We'd driven to Fairmont Hot Spring in BC for an anniversary getaway. While the focus of the trip was not hiking, but more of the hot-tub soaking, mini-golf playing variety, on our drive back I wanted to stop and see an old trail I've visited as a child -- probably the first place I ever took hiking photos.
An aside, Highway 93 between Lake Louise, AB and Radium, BC is some of the most beautiful country ever. I'm hoping to get out there for many more hikes this summer.
Marble Canyon is just off Highway 93 in BC, and it's a lovely walk alongside a canyon as the crevice gets deeper and deeper. I last visited in 1985 (or so) and my childhood memories were of a heavily forested walk with amazing canyon views.
The trail starts out as a fast running creek, clear and refreshing on this summer day:
As we turned the first corner, I quickly discovered the trail from my childhood memories was long gone. Instead of the shady forest, we were greeted with the remnants of burnt trees, and the bushy green undergrowth of a forest only a few precious years into rebuilding:
Signs indicated the area had burned in 2003, part of a massive fire that burned over 170 square kilometers of Kootenay National Park -- almost 12 per cent of the total area of the park itself! It had taken a month to contain and extinguish the lightning-ignited fire, and when the fire was out, the Marble Canyon area was almost completely destroyed. It took 4 years of hard work to rebuild the bridges, railings and trails and ensure public safety.
Even the tops of the mountains had burned, leaving the rocky peaks to look like they had "whiskers":
The colour of the water coming from the canyon looked unbelievably fresh and clean:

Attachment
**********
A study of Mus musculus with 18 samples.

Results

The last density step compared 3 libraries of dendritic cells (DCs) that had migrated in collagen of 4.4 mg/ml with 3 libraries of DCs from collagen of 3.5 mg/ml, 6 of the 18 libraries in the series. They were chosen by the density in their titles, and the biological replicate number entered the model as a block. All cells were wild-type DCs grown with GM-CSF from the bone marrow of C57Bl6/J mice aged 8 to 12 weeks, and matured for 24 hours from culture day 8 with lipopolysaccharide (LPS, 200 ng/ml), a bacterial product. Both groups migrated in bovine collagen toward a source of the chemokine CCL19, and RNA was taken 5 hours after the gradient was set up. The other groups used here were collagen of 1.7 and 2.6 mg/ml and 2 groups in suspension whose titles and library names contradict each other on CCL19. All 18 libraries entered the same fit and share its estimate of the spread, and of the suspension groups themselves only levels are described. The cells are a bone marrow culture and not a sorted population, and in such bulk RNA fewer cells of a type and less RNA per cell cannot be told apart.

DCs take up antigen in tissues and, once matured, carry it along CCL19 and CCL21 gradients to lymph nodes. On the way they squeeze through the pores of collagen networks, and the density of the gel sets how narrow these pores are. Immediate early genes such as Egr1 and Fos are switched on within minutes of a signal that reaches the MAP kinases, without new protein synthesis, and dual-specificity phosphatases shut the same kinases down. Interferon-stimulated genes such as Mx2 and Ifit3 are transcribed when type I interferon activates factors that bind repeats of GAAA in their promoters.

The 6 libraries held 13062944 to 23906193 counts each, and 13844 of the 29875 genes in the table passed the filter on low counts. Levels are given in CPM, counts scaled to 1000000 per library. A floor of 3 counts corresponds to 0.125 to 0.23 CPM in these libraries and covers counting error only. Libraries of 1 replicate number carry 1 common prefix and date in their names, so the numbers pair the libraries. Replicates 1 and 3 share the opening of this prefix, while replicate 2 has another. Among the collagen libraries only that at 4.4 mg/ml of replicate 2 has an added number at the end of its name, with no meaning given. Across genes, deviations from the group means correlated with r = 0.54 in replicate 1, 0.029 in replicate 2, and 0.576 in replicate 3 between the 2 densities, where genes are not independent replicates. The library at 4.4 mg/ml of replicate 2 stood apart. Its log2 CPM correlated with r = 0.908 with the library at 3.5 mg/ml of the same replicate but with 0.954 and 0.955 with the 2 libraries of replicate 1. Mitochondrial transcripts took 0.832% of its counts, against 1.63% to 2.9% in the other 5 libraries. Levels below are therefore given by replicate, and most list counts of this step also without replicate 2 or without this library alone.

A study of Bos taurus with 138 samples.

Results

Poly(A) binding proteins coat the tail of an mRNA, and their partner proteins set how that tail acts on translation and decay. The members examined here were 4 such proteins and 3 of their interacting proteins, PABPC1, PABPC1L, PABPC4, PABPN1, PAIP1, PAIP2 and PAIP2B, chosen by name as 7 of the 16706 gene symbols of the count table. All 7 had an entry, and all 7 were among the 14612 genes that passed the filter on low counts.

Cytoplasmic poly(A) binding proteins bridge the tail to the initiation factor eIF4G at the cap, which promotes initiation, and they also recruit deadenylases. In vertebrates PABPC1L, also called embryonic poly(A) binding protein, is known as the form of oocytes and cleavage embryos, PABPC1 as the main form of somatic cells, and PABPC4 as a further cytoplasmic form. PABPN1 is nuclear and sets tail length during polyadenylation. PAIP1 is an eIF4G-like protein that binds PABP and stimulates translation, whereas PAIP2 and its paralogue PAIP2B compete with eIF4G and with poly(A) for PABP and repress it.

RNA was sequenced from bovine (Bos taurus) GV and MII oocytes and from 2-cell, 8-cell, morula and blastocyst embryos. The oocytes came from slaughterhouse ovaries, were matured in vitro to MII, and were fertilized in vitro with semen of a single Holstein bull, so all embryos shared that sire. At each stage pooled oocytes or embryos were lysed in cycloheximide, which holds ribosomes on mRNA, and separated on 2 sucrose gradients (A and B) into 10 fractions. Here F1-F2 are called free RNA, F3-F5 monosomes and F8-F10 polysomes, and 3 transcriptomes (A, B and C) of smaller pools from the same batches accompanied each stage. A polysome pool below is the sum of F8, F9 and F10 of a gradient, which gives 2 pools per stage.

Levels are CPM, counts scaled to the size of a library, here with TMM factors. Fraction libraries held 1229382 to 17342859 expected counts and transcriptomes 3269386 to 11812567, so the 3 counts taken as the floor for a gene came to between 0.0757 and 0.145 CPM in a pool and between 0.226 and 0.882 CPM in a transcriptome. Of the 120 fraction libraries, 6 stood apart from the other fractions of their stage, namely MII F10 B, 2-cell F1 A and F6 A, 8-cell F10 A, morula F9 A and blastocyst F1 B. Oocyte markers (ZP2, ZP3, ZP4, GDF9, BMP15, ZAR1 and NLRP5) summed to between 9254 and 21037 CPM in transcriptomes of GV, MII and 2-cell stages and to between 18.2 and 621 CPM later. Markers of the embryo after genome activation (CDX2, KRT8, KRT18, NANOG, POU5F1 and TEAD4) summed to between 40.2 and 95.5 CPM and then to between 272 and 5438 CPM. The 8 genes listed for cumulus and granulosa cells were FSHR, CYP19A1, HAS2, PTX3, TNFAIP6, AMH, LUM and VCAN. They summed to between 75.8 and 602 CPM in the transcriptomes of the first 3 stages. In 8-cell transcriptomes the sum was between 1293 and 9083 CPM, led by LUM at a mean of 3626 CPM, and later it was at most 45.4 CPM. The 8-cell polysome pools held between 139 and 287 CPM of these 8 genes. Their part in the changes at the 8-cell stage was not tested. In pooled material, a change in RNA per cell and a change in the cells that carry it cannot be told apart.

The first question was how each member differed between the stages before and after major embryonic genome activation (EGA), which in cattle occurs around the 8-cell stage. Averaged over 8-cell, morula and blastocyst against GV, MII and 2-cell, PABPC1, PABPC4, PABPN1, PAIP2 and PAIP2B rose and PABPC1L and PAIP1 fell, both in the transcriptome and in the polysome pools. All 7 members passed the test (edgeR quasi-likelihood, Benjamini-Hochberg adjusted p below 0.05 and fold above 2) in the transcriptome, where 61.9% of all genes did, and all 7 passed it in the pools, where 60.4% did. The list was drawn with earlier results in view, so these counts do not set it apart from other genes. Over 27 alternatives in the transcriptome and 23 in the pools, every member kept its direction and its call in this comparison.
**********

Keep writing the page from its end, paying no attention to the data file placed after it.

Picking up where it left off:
Crossing over one of the first bridges, the depth of the canyon starting to form:
Looking back at the first bridge:
As the canyon got deeper, the angles became more striking:
Even deeper. The fact the forest has burned away shows that this canyon really does appear in the middle of a field. Even looking from a few hundred feet away, you might not know the earth opened up like this:
It looks like just an ordinary meadow in the mountains:
The trail backed by another look at the magnitude of the area the fire covered. How much different it looked when it was old-growth forest:
Another look at a canyon in the middle of a meadow:
Yes, you do eventually start to get a little intimidated by the height...
As we got further along the trail to the deepest parts of the canyon, water would dribble out of the walls. There was no water visible that high up -- it just seemed to come right from the rocks:
Falls at the end of the trail. The spray from this was pretty great on such a hot summer day:
From here the water is just another mountain stream, winding its way through the meadow. Almost impossible to believe a simple drop off and a small waterfall could create such a magnificent canyon.